The strange symptom that could be early warning sign of silent killer

HAIR loss is a common problem – almost half of men and women will experience it in their older years.

Age is the most influential risk factor, while genetics are also thought to play a strong role.

Hair loss has a number of reasons - could yours be uncontrolled diabetes?


But there may be a serious condition underlying your hair loss – diabetes.

The condition affects millions worldwide and needs lifelong management.

It has a number of complications, many deadly, including heart disease, kidney damage, heart attack and stroke, vision problems and cancer. 

One of the more subtle symptoms of the condition could be hair loss, said Barbie Cervoni, a registered dietitian and certified diabetes care and education specialist.


“It is thought that certain problems caused by diabetes may result in hair loss, including an immune system disorder called alopecia areata, poor circulation, and high blood sugar.”

Type 1 diabetes is when the pancreas is unable to produce insulin – the hormone that carries sugar from food to our cells.

Type 2 is when the body doesn’t use insulin properly (insulin resistance), so a larger amount is needed to manage sugar levels.

Barbie said: “Insulin is an important hormone that aids metabolism.

“When it is not being made or used properly, it leads to high blood sugar, which, in turn, can result in numerous serious complications throughout the body if not properly controlled.”

Type 2 diabetes is the more common form of the disease – accounting for between 85 and 95 per cent of all cases, according to Diabetes UK.

Around 13.6million people are at risk of getting it, while a million have no idea they already do, and are undiagnosed.

The NHS says many people have type 2 diabetes for years without realising, because the early symptoms may be hard to spot.

These include thirst, tiredness, weight loss, blurred vision and thrush.

How diabetes causes hair loss

Barbie said people with type 1 diabetes are at increased risk of developing other autoimmune disorders. 

“One of the most common is alopecia areata,” she said.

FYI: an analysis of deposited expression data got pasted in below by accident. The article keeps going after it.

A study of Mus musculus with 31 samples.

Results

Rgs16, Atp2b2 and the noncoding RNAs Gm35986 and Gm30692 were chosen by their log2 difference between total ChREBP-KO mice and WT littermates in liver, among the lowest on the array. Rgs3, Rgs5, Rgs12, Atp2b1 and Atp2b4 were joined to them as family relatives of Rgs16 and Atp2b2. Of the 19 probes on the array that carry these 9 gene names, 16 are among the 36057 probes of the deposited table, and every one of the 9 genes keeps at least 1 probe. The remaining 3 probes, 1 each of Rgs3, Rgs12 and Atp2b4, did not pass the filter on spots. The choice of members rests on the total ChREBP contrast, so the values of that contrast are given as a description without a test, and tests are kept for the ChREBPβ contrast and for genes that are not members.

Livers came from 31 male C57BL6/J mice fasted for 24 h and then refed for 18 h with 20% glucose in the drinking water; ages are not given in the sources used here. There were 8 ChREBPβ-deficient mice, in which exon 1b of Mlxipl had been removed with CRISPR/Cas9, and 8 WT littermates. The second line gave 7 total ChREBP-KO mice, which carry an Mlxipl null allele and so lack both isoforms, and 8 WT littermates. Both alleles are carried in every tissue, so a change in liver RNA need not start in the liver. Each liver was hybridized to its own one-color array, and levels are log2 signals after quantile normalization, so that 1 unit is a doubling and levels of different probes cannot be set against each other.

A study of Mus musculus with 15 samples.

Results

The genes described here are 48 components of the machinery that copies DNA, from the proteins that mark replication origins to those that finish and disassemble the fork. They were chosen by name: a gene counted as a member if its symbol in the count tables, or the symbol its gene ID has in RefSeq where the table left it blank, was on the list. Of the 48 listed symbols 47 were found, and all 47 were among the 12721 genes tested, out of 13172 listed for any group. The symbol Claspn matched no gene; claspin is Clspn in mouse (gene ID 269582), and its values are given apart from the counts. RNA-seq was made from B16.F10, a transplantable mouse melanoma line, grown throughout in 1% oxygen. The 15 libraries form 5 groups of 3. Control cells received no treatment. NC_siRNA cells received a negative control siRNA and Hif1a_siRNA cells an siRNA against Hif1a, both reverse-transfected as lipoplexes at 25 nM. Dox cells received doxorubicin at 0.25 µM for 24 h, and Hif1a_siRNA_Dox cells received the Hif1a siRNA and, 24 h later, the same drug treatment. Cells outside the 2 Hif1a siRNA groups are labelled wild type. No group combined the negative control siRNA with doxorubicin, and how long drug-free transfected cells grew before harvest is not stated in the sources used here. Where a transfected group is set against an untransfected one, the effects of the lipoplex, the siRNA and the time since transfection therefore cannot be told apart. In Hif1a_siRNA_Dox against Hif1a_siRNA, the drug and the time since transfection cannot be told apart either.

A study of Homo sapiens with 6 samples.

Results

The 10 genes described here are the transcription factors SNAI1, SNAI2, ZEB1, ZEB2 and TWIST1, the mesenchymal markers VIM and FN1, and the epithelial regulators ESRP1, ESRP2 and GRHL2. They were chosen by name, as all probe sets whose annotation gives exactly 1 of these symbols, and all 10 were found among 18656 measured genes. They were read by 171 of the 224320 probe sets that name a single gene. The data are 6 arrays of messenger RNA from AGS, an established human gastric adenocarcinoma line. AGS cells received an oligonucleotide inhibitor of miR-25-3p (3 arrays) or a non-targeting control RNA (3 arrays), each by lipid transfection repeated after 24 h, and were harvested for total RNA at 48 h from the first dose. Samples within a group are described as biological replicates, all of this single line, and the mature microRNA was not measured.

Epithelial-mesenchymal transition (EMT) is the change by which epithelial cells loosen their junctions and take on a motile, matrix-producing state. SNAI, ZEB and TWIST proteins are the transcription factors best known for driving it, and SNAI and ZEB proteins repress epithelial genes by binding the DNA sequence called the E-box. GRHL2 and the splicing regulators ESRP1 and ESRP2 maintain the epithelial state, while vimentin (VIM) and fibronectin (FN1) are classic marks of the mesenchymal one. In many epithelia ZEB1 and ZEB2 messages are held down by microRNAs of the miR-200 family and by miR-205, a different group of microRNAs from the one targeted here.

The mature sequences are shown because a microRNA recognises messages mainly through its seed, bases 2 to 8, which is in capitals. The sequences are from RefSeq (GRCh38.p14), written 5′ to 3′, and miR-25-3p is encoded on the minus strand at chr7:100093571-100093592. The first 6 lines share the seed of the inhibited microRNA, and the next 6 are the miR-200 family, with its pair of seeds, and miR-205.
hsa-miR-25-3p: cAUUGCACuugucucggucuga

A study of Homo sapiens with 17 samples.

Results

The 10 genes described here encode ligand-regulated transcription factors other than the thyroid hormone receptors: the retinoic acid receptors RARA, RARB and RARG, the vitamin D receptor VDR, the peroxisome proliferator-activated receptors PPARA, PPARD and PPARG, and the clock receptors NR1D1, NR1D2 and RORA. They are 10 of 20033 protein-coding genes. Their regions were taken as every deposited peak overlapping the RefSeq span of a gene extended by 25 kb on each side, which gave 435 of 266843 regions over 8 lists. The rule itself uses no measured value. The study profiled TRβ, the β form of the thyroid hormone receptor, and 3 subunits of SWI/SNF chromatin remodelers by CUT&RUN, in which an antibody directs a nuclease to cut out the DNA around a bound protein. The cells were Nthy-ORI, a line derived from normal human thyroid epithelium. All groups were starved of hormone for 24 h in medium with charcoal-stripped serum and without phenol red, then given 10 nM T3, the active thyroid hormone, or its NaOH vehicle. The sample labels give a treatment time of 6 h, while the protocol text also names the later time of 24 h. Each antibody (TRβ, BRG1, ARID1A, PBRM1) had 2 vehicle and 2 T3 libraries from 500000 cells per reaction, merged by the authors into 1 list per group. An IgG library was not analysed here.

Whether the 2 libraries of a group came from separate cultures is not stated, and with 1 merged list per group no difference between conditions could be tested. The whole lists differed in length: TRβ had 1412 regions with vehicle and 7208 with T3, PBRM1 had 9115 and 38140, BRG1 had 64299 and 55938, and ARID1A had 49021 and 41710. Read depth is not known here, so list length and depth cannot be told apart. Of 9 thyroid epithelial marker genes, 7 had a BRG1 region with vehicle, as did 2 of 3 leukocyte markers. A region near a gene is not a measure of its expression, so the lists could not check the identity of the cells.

“This occurs when the immune system attacks the hair follicles, leading to patches of hair loss on the scalp and other parts of the body.”

Alopecia areata causes hair to fall out in small patches, potentially leading to whole-scalp hair loss.

It occurs when white blood cells attack the cells in hair follicles, causing them to shrink and dramatically slow down hair production.

Hyperglycemia is another cause of hair loss in diabetes, Barbie said.

Hyperglycemia is when someone with diabetes’ blood sugar levels stay elevated for a long time.

It can occur in people who have undiagnosed diabetes, NHS Inform says.

The persistently high blood sugar can damage tiny blood vessels, disrupting blood flow and nutrients to the hair follicle.

Barbie said: “Hyperglycemia can also cause hair thinning, hair fragility, spareness of hair, or decreased hair growth speed.

“A 2019 study found that type 2 diabetes was associated with an increased risk of severe central scalp hair loss in black women. 

“Researchers concluded that black women with type 2 diabetes should be followed closely for central scalp hair loss so that appropriate treatment can be offered.”

Unmanaged high blood sugar levels can also lead to permanent damage to the eyes, nerves in the feet and hands (which can lead to amputations).

The most life-threatening complications are diabetic ketoacidosis, or “diabetic coma”, and severe dehydration. 

Barbie said: “Because elevated blood sugar is associated with vascular disruption, poor circulation, and hormonal imbalances, maintaining your blood sugars within your normal range may contribute to preventing hair loss.”

People with diabetes may have episodes of hyperglycemia when triggered by stress, an illness, eating too much, not exercising, and missing medication. 

Barbie said: “If your blood sugars are at goal and you are reaching your target numbers that you have created with your healthcare team, yet you are still losing your hair, contact your provider. 

“There could be a different medical or nutritional reason as to why you are losing hair.”